KOMO’s Kathi Goertzen was ‘a true professional’

SEATTLE — Longtime Seattle television news anchor Kathi Goertzen died Monday following a lengthy, public battle with brain tumors. She was 54.

KOMO-TV, the ABC affiliate where she worked for three decades, announced her death on its website Monday. News director Holly Gauntt wrote, “Her long fight against the tumors that have ravaged her brain is over. She is at peace now, comfortable and surrounded by all that is good.”

Goertzen was first diagnosed with a benign brain tumor about 12 years ago. Despite multiple surgeries and radiation treatments, the tumor continued to grow back, intertwining with nerves and paralyzing her face.

She documented her illness and treatments in appearances on KOMO, even after she left her anchor chair, and she launched a foundation dedicated to brain tumor research.

The Seattle native and graduate of Queen Anne High School anchored KOMO newscasts for nearly 30 years.

Her co-anchor, Dan Lewis, with whom she was on one of the longest-running anchor teams west of the Mississippi, called Goertzen, “a true professional and a role model for me, everyone else in the newsroom and the entire Western Washington community.”

Longtime KOMO weatherman Steve Pool told The Seattle Times Goertzen was “a complete person.”

“She has this aura, this ethos that permeates the newsroom,” he said. “There is an elegant class about Kathi that goes along with her undeniable ability to do what she does on a daily basis.”

In Marysville, Bonnie Krueger Rasmussen wept Monday when she heard about Goertzen’s passing. In 1999, after being diagnosed with a benign brain tumor similar to the type the KOMO-TV anchorwoman battled, the Marysville woman reached out to Goertzen.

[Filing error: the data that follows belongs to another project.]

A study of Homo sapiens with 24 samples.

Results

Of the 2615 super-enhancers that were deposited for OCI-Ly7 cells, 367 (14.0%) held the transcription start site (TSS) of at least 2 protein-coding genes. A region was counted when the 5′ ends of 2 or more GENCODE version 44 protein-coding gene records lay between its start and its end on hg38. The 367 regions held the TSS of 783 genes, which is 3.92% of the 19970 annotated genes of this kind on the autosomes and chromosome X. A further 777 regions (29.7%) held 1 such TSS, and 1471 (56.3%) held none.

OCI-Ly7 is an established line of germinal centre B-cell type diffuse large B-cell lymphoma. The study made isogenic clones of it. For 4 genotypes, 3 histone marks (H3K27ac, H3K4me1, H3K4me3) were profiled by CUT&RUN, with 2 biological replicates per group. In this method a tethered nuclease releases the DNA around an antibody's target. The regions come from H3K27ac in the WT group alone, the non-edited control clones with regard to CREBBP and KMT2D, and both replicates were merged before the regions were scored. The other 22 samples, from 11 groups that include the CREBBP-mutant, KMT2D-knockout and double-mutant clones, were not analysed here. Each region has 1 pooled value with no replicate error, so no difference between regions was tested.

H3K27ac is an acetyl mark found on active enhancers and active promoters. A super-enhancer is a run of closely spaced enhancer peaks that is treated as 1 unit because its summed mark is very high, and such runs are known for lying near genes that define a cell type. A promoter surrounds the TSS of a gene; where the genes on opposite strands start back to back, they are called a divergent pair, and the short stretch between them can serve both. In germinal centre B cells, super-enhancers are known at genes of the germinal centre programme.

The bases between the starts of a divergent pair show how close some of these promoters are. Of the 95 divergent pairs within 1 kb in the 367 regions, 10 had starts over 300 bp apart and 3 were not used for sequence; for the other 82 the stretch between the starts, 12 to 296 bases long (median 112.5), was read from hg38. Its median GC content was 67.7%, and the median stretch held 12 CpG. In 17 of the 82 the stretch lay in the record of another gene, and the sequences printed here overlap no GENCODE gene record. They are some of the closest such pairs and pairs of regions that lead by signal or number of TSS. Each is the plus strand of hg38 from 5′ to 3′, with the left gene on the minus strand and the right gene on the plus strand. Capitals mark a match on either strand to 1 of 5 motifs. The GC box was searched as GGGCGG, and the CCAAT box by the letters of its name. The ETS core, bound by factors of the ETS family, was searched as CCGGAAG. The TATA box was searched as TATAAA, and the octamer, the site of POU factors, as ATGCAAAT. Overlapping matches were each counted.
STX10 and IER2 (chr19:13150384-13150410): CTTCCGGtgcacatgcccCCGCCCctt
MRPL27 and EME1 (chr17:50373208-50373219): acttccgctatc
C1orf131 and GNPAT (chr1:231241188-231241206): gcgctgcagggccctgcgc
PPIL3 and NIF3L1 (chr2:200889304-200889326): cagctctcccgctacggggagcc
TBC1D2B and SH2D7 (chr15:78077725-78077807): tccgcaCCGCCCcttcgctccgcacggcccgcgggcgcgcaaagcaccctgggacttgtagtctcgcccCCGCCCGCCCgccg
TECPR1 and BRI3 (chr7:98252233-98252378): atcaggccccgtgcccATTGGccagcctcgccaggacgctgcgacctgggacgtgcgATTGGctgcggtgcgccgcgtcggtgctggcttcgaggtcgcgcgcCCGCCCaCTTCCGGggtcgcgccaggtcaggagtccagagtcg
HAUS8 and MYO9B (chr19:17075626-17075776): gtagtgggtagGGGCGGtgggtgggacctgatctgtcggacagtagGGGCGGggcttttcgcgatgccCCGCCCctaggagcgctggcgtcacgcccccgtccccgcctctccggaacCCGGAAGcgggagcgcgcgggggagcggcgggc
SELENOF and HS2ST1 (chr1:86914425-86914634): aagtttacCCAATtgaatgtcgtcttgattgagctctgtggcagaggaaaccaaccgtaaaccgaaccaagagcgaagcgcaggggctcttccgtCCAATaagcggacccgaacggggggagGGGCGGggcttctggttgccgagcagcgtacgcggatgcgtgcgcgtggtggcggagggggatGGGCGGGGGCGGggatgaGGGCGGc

“I remember her being on TV and talking about it openly,” the 54-year-old Rasmussen said. The day she learned she had a tumor, Rasmussen said she left a message with Goertzen at KOMO. “I told her I just got diagnosed and I feel like I’m on an island all by myself. She called me that night. We talked for 25 minutes,” Rasmussen said.

In 2005, Rasmussen was invited to be in the audience of KOMO’s “Northwest Afternoon” when Goertzen appeared on the show to talk about her condition. Then Bonnie Krueger, she shared her story with Herald readers in Kristi O’Harran’s column in 2005.

Rasmussen, who works in the health room at Marysville-Pilchuck High School, had surgery to remove her brain tumor in 1999. She recently suffered a recurrence, and said she is scheduled for another surgery at the end of this month. On Monday, she remembered Goertzen as an inspiration. Through the years, she said, Goertzen sent her many emails and encouraging words.

“It was just her gift,” said Rasmussen, whose Facebook page has a picture of wristband that says “Pray 4 Kathi.”

“She’s so beloved, and she’s been so special to me,” Rasmussen said. “It’s just so sad we lost her.”

Goertzen started at KOMO in 1980, soon after graduating from Washington State University. Helping raise money for her alma mater was one of the ways she supported her community.

For the past 24 years, she spoke at annual luncheons for the YWCA of Seattle, King and Snohomish counties, and she led a $43 million capital campaign as board president for the organization.

Gov. Chris Gregoire praised Goertzen as a journalist and a person.

“She was a terrific journalist because she cared deeply about her work and the people it touched,” the governor said in a statement. “As her fight against brain tumors waged on, we saw yet another side of Kathi. She was courageous, fearless and inspirational.”